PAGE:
Sunset Hyssop Growing Tips

Agastache Rupestris

Sunset Hyssop (Agastache rupestris)

Latin Name:

Agastache rupestris is the scientific name assigned to this species. It is included in the Lamiaceae (mint) family.

Common names:

Names for this plant include sunset hyssop, threadleaf giant hyssop, rock anise, hummingbird mint and licorice mint.

USDA Hardiness Zones:

Zones 4b-9 are suggested for this species. It is native to Arizona, Mexico, and New Mexico.

Size & Shape:

At maturity, each vase shaped sunset hyssop subshrub will measure 2 feet high and 1-1.5 feet wide.

Exposure:

Plant in a sunny location. It can tolerate part shade if needed.

Foliage/Flowers:

The leaves are fine-textured with a gray-green color. In the summertime, sunset hyssop is covered in trumpet-shaped flowers, each with shades of orange, pink and purple.

Design Tips:

This is a must for any hummingbird garden. Good companions include butterfly bush (Buddleja davidii), lavender (Lavandula angustifolia) and Russian sage (Perovska spp.). It is also a good choice to include in drought tolerant gardens.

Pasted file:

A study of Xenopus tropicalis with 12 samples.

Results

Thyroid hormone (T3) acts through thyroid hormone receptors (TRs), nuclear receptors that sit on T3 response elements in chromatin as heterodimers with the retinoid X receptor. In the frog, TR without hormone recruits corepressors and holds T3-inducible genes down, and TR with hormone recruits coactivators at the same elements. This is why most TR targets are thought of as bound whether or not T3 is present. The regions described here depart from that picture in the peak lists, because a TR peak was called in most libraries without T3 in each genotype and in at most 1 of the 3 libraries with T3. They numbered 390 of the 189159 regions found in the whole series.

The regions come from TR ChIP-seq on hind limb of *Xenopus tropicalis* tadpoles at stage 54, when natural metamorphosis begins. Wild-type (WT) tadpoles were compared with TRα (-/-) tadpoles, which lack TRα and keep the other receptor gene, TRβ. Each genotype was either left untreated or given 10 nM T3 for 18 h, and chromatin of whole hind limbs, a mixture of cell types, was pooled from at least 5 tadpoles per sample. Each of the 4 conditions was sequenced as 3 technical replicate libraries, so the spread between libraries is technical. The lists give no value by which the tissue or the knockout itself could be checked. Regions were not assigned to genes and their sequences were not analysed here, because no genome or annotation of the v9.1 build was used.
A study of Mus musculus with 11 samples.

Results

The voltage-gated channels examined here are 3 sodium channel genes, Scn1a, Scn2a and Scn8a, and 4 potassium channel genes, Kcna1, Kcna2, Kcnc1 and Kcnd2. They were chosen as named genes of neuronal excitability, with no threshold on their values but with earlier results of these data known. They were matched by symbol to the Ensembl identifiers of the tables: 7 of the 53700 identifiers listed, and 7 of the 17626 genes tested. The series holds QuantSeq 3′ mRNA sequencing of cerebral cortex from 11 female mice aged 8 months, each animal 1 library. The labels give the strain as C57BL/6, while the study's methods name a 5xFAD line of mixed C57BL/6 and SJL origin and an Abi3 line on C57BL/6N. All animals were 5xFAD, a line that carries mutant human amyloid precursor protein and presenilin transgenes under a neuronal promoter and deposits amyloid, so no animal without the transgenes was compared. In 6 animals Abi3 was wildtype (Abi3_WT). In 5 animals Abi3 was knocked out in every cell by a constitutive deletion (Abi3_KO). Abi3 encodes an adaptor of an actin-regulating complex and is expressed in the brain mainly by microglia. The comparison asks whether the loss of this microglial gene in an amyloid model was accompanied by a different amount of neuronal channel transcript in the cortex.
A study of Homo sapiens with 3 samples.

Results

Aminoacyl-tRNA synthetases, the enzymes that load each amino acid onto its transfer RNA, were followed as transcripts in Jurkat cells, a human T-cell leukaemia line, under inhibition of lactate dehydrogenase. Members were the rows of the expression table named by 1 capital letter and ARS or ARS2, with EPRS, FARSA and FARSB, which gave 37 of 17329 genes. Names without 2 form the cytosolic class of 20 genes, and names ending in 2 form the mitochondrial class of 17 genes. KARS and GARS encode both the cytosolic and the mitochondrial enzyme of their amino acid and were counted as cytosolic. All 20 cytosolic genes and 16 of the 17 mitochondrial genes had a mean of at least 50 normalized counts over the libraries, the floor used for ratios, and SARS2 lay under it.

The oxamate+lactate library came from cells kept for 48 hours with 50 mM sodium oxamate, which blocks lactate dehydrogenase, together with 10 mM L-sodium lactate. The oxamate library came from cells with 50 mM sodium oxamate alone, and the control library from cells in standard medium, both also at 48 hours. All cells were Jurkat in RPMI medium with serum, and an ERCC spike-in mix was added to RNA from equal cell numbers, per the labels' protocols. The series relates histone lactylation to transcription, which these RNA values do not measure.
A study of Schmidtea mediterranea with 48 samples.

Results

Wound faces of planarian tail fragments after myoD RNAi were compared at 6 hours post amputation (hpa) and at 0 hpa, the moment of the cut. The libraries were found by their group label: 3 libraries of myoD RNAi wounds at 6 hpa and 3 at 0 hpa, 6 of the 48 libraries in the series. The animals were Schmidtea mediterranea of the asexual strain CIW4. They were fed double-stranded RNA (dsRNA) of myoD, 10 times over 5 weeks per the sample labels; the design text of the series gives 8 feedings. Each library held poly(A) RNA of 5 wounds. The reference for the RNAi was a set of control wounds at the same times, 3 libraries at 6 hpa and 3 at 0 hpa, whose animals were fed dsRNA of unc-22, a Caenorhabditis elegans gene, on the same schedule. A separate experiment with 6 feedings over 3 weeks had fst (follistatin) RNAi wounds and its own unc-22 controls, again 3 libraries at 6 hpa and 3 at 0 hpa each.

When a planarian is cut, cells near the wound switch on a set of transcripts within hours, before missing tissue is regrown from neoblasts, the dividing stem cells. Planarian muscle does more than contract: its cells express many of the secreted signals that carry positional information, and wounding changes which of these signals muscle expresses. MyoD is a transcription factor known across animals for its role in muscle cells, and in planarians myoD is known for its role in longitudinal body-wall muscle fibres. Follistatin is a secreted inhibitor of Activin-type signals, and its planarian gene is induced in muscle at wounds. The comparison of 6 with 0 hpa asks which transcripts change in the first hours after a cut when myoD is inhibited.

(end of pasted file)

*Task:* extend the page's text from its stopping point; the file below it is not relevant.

It is sure to become one of your favorite subshrubs in the garden. For most of the summer, it is covered in brilliantly colored flowers that attract hummingbirds, butterflies, and bees. Sunset hyssop fills the air with a wonderful aroma similar to root beer or licorice

Growing Tips:

Water regularly for the first season to establish the root system. Make sure the soil is well drained, as sunset hyssop does not tolerate soil that is constantly wet. After it is established, it is very drought tolerant.

During spring, you can divide established plants and replant. This is an easy way to expand your garden without having to pay anything.

Sow seeds directly in the garden during spring after the last frost or indoors about eight weeks before then. Thin to one plant every 18". You can also take cuttings to create new plants.

You can use sunset hyssop leaves to make a herbal tea.

Maintenance/Pruning:

Cut sunset hyssop almost to the ground at the beginning of spring. This will promote stronger and more vigorous growth. Deadhead spent flowers in summer to extend the blooming season and make the plant look tidy.

In colder regions, mulch with pea gravel during the winter. Do not use wood mulches; these tend to keep the soil below very moist, which this plant cannot tolerate.

Pests and Diseases:

Sunset hyssop may be susceptible to mildews, rusts, and other fungi if summer conditions are hot and humid.